The following is a press release from Senate President Pro Tempore Phil Berger, R-Rockingham, and Sen. Deanna Ballard, R-Watauga

Children in Durham cannot access the public school resources available at “learning centers” inside public school buildings unless their parents pay a public school tax of $140 per week. Even children on free and reduced lunch must pay an unconstitutional public school tax of $70 per week, or $280 per month.

Senate Leader Phil Berger (R-Rockingham) said, “Charging a tax on families who wish to access public learning center resources inside public schools is unconstitutional. Durham, and any other jurisdiction charging this illegal tax, is preventing underprivileged families from accessing public school resources. They need to repeal their unconstitutional school tax immediately.” 

Durham Public Schools is opening some of its school buildings as “learning centers.” It is not clear how operating a “learning center” inside of a public school building, using public school staff, is different from a public education.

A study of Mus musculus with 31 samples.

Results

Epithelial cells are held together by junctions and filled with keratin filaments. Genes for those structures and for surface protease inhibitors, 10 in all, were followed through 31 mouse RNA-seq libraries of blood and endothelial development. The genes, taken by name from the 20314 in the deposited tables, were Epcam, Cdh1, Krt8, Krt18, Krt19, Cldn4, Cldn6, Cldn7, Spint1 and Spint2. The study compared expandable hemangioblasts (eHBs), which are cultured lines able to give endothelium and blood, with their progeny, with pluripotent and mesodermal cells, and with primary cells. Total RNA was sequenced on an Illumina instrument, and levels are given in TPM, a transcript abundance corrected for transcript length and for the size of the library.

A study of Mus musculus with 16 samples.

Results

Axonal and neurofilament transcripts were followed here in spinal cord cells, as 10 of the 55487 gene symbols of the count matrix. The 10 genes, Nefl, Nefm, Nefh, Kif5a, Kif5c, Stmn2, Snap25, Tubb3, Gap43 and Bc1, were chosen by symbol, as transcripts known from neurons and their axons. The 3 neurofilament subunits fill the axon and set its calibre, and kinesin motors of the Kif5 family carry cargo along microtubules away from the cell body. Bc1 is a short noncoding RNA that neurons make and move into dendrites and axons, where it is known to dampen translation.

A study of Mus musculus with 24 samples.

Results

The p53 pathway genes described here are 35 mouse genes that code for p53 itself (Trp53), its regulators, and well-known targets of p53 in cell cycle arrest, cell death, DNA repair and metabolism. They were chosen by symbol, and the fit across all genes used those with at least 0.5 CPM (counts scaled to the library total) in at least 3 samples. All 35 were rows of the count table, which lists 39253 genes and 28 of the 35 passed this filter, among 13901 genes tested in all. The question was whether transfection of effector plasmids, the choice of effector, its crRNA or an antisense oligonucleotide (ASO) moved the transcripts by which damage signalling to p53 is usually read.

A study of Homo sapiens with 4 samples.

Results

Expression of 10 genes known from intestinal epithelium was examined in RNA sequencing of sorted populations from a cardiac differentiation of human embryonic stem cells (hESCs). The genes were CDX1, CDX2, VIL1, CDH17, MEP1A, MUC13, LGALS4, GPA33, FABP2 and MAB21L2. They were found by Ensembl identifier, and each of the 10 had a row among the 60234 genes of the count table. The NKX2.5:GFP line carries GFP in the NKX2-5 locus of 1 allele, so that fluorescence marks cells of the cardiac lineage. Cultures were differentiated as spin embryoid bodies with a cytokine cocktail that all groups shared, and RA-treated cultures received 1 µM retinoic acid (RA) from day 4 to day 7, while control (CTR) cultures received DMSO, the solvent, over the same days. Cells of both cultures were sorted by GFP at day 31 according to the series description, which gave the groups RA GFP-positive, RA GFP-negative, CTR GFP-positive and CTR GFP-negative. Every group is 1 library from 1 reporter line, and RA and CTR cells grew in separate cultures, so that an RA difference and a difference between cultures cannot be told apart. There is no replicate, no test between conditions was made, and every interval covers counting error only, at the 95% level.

The N.C. Constitution requires the state to provide “a general and uniform system of free public schools…wherein equal opportunities shall be provided for all students.”

Charging a tax on families before they’re permitted to access public school buildings for “learning center” resources is in plain violation of the Constitutional requirement for “free public schools” with “equal opportunities.” This is yet another absurd outcome brought about by Gov. Cooper’s pandemic response.

Sen. Deanna Ballard (R-Watauga), who co-chairs the Senate Education Committee, said, “Durham’s illegal school tax makes worse the very inequities a public school system is supposed to address. Durham will widen the achievement gap between well-off students and less fortunate students by making public schools accessible only to those who can afford to pay the tax.”

As a reminder, Republicans have increased public school funding by large amounts since coming into power in 2011. Education funding in North Carolina has increased by $968 per student in just four years, and $1,748 per student in nine years.

The state has a scholarship program, called the Opportunity Scholarship, to provide resources to low- and middle-income families to access the education that best suits their children’s needs. The far-left N.C. Association of Educators, with support from Gov. Roy Cooper, has been trying to kill the program for years.

Families may apply for Opportunity Scholarships here.


EdNC staff reporting relies on staff, interns, and columnists.